Religious institutions have long been struggling with what appears to be the secularization of the American public. According to a 2012 Pew Survey, approximately one-fifth of American adults identify as “Nones” -- Americans who claim to be unaffiliated with any particular religion, or identify as an atheist or agnostic. When the group is limited to adults under the age of 30, the proportion of “Nones” rises to one-third.
However, this does not appear to be due to a lack of faith among the Millennial generation. A recent study by Carnegie Mellon’s Integrated Innovation Institute found that while only 52 percent of Millennials looked to religious institutions for guidance, 62 percent actually said that they privately spoke to God.
Regarding the study, Peter Boatwright, co-director of the Integrated Institute, said, "Millennials are widely believed to have less faith in God and are less active in religion than their parents and grandparents. While our survey doesn't explore this comparison, we think it's telling that, overall, the majority of this generation does express a fairly strong sense of faith."
This is in line with another survey conducted by the Pew Research Center that said Millennials were “detached” from institutions. When asked the question, “Generally speaking, would you say that most people can be trusted or that you can’t be too careful in dealing with people,” only 19 percent of Millennials said most people could be trusted.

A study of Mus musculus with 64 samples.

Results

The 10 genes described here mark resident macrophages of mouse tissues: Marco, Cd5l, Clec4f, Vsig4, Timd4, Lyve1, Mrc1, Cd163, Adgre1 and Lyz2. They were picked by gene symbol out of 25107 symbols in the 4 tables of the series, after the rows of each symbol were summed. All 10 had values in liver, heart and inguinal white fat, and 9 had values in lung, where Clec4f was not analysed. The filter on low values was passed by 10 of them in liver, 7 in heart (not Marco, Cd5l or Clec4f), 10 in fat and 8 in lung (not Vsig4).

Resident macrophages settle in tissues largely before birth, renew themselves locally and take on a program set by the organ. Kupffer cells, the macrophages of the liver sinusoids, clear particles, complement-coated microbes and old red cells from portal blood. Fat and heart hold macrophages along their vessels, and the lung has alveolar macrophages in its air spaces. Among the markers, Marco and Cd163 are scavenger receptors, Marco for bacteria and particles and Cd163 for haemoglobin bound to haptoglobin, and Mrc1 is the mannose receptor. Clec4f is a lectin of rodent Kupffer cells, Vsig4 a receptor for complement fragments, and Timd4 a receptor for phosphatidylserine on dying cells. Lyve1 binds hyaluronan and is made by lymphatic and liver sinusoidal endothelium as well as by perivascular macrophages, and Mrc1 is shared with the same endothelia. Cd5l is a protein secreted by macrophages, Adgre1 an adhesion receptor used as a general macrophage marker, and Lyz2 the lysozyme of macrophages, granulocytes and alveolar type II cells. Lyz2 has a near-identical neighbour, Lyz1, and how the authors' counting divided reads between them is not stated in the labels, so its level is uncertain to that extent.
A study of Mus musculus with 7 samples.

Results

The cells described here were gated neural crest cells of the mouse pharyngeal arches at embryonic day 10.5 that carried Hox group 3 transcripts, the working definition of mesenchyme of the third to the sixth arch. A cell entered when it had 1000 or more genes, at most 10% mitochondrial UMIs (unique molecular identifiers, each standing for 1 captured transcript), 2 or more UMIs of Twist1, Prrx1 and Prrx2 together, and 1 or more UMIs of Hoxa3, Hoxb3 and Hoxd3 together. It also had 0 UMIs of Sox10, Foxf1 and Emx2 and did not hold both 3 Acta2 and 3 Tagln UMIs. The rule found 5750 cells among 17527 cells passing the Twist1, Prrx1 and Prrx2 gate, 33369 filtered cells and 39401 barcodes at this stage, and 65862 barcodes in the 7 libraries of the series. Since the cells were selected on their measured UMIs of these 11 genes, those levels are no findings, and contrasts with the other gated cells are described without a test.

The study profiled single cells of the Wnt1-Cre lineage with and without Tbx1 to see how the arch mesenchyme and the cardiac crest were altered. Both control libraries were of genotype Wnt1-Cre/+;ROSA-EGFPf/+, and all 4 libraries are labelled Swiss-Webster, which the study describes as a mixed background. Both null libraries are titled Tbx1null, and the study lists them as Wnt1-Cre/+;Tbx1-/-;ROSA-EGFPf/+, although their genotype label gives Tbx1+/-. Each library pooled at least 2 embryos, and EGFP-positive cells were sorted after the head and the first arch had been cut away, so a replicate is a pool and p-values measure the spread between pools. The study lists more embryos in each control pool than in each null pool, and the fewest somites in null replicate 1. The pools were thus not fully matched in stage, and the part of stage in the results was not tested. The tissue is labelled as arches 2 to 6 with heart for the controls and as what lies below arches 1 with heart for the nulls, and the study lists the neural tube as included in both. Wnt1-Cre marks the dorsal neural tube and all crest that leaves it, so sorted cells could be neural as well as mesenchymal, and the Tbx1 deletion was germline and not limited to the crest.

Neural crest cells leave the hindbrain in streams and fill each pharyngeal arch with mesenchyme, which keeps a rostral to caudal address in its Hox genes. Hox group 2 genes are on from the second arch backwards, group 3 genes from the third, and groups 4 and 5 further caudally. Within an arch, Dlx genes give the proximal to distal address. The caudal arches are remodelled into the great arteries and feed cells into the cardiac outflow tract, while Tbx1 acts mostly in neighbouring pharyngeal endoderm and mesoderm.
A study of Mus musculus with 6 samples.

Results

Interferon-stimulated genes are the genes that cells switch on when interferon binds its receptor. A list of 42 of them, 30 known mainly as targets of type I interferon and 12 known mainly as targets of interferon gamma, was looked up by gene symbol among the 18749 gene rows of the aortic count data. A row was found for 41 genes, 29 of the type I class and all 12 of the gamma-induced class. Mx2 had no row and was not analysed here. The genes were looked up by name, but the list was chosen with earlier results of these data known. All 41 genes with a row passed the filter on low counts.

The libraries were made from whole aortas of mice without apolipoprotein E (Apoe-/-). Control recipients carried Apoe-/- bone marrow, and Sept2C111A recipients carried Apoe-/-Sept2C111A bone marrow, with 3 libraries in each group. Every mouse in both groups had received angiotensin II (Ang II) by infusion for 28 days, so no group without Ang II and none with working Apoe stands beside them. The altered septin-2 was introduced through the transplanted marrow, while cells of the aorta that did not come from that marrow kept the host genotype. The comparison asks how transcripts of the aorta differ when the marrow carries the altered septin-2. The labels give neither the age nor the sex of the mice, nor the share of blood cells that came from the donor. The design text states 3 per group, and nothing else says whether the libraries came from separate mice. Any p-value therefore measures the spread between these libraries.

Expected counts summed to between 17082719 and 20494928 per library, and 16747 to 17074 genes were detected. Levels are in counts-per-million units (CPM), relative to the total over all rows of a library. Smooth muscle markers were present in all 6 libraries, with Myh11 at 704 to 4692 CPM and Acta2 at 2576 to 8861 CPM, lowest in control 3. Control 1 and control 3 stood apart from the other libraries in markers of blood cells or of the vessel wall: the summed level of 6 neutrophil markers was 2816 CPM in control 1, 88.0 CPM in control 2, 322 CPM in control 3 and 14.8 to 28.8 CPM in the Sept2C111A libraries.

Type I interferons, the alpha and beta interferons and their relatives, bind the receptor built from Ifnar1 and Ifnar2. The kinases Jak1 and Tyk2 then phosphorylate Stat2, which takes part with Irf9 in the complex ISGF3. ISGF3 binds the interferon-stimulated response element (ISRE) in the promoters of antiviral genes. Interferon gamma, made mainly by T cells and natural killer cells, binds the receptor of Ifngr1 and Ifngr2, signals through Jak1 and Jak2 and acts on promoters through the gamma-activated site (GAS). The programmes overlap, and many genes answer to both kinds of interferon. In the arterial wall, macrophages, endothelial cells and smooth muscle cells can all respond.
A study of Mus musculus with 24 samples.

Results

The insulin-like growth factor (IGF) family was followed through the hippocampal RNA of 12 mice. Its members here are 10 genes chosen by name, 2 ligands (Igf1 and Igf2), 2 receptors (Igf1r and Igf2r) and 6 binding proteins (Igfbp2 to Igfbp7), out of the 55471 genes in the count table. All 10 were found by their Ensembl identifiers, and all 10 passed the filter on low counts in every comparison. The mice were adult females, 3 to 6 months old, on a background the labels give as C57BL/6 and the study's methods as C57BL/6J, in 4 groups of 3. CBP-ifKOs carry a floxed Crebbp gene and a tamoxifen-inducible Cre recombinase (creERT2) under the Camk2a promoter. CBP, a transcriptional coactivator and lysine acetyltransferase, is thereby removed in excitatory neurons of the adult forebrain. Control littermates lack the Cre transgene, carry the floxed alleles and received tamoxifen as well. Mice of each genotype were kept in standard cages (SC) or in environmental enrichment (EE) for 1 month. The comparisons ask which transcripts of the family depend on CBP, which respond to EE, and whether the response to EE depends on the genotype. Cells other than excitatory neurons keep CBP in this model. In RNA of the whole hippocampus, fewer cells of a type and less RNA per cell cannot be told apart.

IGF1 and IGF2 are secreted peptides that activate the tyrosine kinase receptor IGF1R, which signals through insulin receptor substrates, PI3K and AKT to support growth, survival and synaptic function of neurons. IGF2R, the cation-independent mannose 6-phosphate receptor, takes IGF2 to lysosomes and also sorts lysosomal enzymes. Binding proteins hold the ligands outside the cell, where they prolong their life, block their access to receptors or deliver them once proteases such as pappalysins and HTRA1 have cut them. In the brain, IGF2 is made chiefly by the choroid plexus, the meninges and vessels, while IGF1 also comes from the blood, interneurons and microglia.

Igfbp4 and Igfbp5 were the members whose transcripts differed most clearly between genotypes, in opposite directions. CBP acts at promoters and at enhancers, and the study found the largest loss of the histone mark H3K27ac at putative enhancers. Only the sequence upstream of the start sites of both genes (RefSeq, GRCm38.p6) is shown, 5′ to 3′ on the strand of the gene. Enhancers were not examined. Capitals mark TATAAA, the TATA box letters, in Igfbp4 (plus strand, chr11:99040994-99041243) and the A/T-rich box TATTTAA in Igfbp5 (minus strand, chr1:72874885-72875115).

In that study, the Millennial generation’s distrust of institutions was partially attributed to its diversity, citing an earlier study that showed minorities and low-income adults had lower levels of social trust than other groups. This at least does not appear to be the case in the CMU study as White Millennials (49%) were least likely to seek guidance from religious institutions while African American Millennials (67%) were the most likely.
Hispanic Millennials demonstrated the largest difference between the two sides as 67 percent they spoke to God as compared to the 54 percent that sought religious guidance. Asian Millennials (57%) were the least likely demographic to say they spoke to God.
The survey also noted a smaller, but significant difference between respondents in rural areas and respondents in urban areas regarding the question of whether or not they spoke to God. 70 percent of rural Millennials said they spoke to God while 60 percent of urban Millennials answered similarly.
Also worth noting was the fact that there was little variation in the proportion of people who sought religious guidance and spoke to God when broken down by age and education.